Creative Action, the wildly successful 15-year-old Austin, Texas, non-profit has opened the doors to its first ever permanent home. Known for its innovative arts programs that reach more than 20,000 kids via classes held at schools, libraries, churches, and even juvenile detention centers, Creative Action (CA) operations had been based out of a tiny 2,000-square-foot facility that amounted to nothing more than storage space for its materials. Karen LaShelle, CA’s executive and artistic director, reminisced somewhat ruefully about having to conduct the program’s important training sessions in the kitchenette of the previous facility.
CA’s new home, a bright and agile building designed by Tom Hurt Architecture, joins the Sustainable Food Center and PeopleFund to complete a “social profit village” located alongside a high-profile transit-oriented development in East Austin near the nascent MetroRail line. Although the bulk of CA’s work still happens in the community, the building is a huge shift for the organization. “It lets the community come to us, and we can interact with people here,” said LaShelle. The two-story building allows CA to expand its programming and, for the first time, establish a neighborhood presence. And, because its programs reach people all over the city, the prominent East Austin location will foster much-needed cross-pollination among diverse sectors of the community.
The site is highly visible, oriented toward Martin Luther King Boulevard to the north, but oddly shaped, with a long stretch of the light rail line forming its diagonal southern edge. Despite its geometry, architect Tom Hurt and his team saw an opportunity: The site also enjoyed the most visible location, facing the parking lot with a patch of open lawn in front. Embracing CA’s theater and performance component and Austin’s love of outdoor activities, Hurt’s design establishes the building’s facade as a threshold between activities happening outdoors and indoors. The approach to the entry already alludes to a theatrical moment, the building’s narrow porch providing an elevated podium, and a protruding platform—the landing for the external stair—acting as a balcony to be used in an event or performance. It also acts as a billboard for cheerful identity signage, extruded from its white metal structure.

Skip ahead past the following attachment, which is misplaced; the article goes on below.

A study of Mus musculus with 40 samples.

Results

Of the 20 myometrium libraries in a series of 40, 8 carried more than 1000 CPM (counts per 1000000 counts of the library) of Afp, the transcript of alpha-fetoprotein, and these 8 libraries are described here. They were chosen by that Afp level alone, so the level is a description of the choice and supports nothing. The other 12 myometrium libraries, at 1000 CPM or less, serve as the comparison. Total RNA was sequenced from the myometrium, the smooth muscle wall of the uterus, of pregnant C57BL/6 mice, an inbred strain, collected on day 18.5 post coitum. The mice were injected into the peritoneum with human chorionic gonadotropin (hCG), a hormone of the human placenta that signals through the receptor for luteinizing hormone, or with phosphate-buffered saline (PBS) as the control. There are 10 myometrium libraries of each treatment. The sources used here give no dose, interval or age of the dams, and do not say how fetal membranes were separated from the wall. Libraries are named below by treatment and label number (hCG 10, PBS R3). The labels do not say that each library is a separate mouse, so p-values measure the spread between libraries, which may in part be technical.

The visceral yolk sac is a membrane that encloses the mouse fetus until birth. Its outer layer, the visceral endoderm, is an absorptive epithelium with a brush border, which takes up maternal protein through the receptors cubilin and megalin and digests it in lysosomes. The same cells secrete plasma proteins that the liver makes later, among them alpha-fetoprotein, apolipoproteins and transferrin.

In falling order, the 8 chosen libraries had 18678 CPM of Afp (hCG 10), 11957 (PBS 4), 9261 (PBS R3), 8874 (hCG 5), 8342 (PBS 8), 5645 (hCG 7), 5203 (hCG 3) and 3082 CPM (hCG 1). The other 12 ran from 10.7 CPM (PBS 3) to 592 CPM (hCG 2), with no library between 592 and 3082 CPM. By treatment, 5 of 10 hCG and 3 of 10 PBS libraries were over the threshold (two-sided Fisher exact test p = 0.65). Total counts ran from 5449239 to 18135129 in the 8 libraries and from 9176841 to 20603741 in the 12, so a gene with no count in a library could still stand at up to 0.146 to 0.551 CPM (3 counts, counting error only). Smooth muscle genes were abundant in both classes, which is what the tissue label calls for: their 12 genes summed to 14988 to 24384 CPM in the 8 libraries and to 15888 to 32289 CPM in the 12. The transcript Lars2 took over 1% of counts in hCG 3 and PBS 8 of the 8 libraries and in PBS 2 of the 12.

The beating heart of the design is the solid materiality provided by a two-story, structural brick wall that begins as a portion of the building’s facade and then snakes its way through the interior, providing a tactile, solid spine. Built from salvaged brick, the wall provides both backdrop and focal point for the building’s activities, creating a wayfinding element and an organizing feature. It can be seen or touched from virtually anywhere inside the building, encouraging movement through its doorways and openings, and affording glimpses into classrooms through small portholes (actually chimney flues laid on their sides).
It is a metaphor for CA’s programs, which aim to help people build a sense of themselves from the inside out, using different forms of art as the conduit. And the brick can take a beating. “Allowing the kids to interact directly with this materiality helps give them a feeling of place and a sense of ownership of the building,” said Hurt. The wall terminates at the building’s parking lot frontage, remerging from the interior to act as the backdrop to a prominent double-height display window that showcases CA’s props and other materials.
CA’s new neighborhood is growing. A mixed-use building expected to break ground in 2015 will bring art galleries, restaurants, and even a hospice center to the development. Seven additional acres of housing units and transit-oriented development will also bring more people to the area. But even after just one week in the new building, LaShelle was already noticing the positive effects. “Having a special place to go changes kids’ perception of themselves. It helps people see Creative Action in a fresh light,” she said. “And it elevates us all.”